ESPN

One of the magic things about GIFs: They can help us see and understand things better. Like, say, one way in which Casey Prather helped Florida beat Kentucky.

This one comes from late in the game, after Nerlens Noel's horrific injury, and Kentucky really misses him on this play.

We pick things up midway through the possession, which comes after a Prather block of Willie Cauley-Stein at the other end. Scottie Wilbekin immediately fed Prather on the wing, but Kentucky had everyone back, making it difficult to drive. Florida ran two baseline screens for Kenny Boynton, but he was well-covered when he caught it on the wing, and so the ball got worked back out to Prather. A subsequent move by Erik Murphy to get in post position switches Wiltjer onto Murphy and Willie Cauley-Stein onto Prather.

Prather immediately kicks the ball to the right wing, where Mike Rosario holds it. As the shot clock ticks under 10 seconds, Murphy flashes to the wing, seemingly to screen for Rosario, but two things happen at once: first, Rosario begins dribbling to the top of the arc before Murphy even gets there, and two, Murphy pivots and cuts back inside and to the basket instead of actually setting the screen.

This is problematic for Kentucky, because three players are responding to those two things, and only one of them is doing it correctly. Alex Poythress, Rosario's man, follows him, but so does Kyle Wiltjer, drawn out by Murphy, and Wiltjer was already a step slow on following Murphy before the cut. Cauley-Stein, who inexplicably cheated out to nearly the three-point line on Prather when he first got the ball at the top of the key, is still wandering around above the foul line, and is very slow to recognize Murphy cutting to the hoop.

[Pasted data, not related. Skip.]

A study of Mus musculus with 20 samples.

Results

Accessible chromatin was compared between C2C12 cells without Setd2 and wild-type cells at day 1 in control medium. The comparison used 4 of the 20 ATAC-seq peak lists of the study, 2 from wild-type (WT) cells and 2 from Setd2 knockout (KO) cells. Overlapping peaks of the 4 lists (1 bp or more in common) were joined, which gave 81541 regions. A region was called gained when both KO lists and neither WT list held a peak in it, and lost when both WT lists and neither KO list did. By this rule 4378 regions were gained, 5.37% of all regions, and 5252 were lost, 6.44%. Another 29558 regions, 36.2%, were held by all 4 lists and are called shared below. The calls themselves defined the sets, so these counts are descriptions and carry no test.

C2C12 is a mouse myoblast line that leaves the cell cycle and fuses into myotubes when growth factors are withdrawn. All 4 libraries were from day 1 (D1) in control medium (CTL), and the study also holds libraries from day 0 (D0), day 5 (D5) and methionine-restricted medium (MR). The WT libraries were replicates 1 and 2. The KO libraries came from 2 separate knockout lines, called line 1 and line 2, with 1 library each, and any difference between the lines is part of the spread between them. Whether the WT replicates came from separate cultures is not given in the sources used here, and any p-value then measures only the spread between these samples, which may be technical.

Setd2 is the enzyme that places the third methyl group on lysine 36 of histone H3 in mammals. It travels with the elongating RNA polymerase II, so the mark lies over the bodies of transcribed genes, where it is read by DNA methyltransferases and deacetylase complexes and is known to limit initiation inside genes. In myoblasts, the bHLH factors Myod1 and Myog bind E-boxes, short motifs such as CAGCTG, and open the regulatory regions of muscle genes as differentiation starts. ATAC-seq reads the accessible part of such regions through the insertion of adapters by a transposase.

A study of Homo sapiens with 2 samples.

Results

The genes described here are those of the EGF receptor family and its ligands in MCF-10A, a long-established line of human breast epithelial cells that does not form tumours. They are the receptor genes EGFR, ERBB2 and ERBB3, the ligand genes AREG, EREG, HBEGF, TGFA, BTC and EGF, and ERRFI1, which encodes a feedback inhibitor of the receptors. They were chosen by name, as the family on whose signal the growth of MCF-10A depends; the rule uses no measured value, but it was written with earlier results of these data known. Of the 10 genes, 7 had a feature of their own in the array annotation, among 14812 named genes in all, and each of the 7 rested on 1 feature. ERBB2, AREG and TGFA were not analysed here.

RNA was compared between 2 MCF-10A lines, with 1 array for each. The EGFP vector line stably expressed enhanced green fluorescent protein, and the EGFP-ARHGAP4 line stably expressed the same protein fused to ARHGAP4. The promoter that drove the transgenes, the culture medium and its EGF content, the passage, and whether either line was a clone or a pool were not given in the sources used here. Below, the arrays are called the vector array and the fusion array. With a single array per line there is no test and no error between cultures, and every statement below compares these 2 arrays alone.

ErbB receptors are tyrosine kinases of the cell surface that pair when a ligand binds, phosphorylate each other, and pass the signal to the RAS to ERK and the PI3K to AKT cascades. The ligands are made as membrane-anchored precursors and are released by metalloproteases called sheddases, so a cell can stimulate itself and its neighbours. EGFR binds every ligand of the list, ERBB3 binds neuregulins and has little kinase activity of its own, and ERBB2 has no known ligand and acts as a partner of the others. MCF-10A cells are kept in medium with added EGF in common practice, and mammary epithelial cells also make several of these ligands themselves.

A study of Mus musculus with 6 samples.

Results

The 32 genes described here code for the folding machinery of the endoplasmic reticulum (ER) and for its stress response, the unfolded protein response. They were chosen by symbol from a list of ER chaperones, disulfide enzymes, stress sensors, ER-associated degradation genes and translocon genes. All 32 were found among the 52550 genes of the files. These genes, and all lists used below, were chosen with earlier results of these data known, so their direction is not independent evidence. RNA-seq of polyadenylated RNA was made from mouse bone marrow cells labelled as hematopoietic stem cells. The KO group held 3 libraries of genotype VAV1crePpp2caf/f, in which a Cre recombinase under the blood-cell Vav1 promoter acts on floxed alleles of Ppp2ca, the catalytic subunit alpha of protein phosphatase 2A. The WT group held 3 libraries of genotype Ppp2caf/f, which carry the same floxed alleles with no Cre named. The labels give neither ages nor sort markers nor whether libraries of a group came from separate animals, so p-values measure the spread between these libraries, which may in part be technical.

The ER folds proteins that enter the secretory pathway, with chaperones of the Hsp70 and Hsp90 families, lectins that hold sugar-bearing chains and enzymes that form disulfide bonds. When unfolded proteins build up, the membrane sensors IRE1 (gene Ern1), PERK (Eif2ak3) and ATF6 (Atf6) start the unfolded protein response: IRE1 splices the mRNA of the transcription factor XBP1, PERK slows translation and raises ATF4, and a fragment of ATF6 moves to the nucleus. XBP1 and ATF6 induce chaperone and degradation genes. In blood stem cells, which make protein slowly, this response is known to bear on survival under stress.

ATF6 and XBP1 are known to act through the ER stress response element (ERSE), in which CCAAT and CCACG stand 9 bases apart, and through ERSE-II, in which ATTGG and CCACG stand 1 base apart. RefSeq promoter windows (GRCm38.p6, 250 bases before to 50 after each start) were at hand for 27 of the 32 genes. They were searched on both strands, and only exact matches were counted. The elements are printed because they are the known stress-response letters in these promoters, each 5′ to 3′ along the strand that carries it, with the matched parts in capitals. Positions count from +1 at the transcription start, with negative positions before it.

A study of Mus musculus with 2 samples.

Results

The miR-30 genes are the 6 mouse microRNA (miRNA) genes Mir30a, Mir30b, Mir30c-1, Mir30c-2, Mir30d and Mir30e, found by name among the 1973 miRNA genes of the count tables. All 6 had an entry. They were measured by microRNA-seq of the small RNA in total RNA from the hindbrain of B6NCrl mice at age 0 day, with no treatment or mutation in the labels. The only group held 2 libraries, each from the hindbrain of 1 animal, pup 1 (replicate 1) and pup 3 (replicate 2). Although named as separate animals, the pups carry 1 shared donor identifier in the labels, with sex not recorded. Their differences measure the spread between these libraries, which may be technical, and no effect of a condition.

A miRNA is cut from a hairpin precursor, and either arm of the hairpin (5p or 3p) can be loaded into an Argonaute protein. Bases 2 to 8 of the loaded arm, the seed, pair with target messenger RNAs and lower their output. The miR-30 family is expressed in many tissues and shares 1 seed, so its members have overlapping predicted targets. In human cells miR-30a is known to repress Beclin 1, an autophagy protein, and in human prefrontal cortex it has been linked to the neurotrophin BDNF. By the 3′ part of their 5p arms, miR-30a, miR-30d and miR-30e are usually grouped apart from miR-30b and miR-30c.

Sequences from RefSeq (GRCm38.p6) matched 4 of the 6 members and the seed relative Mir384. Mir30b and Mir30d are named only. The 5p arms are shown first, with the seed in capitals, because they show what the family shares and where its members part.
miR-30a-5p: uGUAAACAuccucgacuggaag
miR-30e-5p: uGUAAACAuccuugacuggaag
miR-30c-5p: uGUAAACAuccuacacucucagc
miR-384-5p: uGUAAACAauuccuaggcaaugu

Rosario's first quick dribble was followed by a hesitation dribble, however, and that and the inadvertent double team make it impossible for him to hit Murphy, even after he leaps to try it; he's forced to make a mid-air pass to Prather, who has faded to the left wing.

No one is within about eight feet of Prather when he catches and sets, with Julius Mays staying on Boynton closer to the corner, Wiltjer still over-recovering to compensate for missing Murphy the first time, and Cauley-Stein also trying to follow Murphy. Kentucky is in the middle of a terrible defensive possession, and it's about to get worse.

With seven seconds on the shot clock, Prather thinks about shooting, with a quick ball-fake that gets Wiltjer to react — and gets many Rowdy Reptiles throwing their arms up in the "for THREEEEEE!" three-pointer stance. Prather's taken six threes on thse year, though, and even if that's just one line on Kentucky's Florida scouting reports, it's one Wiltjer hasn't read, as he takes two steps out, only to find Prather has already started his dribble and is about to eat him alive.

Prather uses a half-spin to push Wiltjer back into the lane, then does a half-spin out of it to get to great position past Wiltjer near the baseline. From there, he takes another step, elevates, and lays in the ball over a flat-footed Wiltjer and a slow-recovering Cauley-Stein.

Kentucky's going to be in serious trouble in its stretch run if Cauley-Stein, an average defender without superior lateral quickness, and Wiltjer, an awful defender, are asked to man the middle in Noel's absence: This play isn't the only one I can point to for evidence of that. But Prather was not always a guy who could make other teams pay for terrible defense like this, and the ease with which he slices through the Wildcats on this play is testament to his improved decision-making and confidence off the bounce.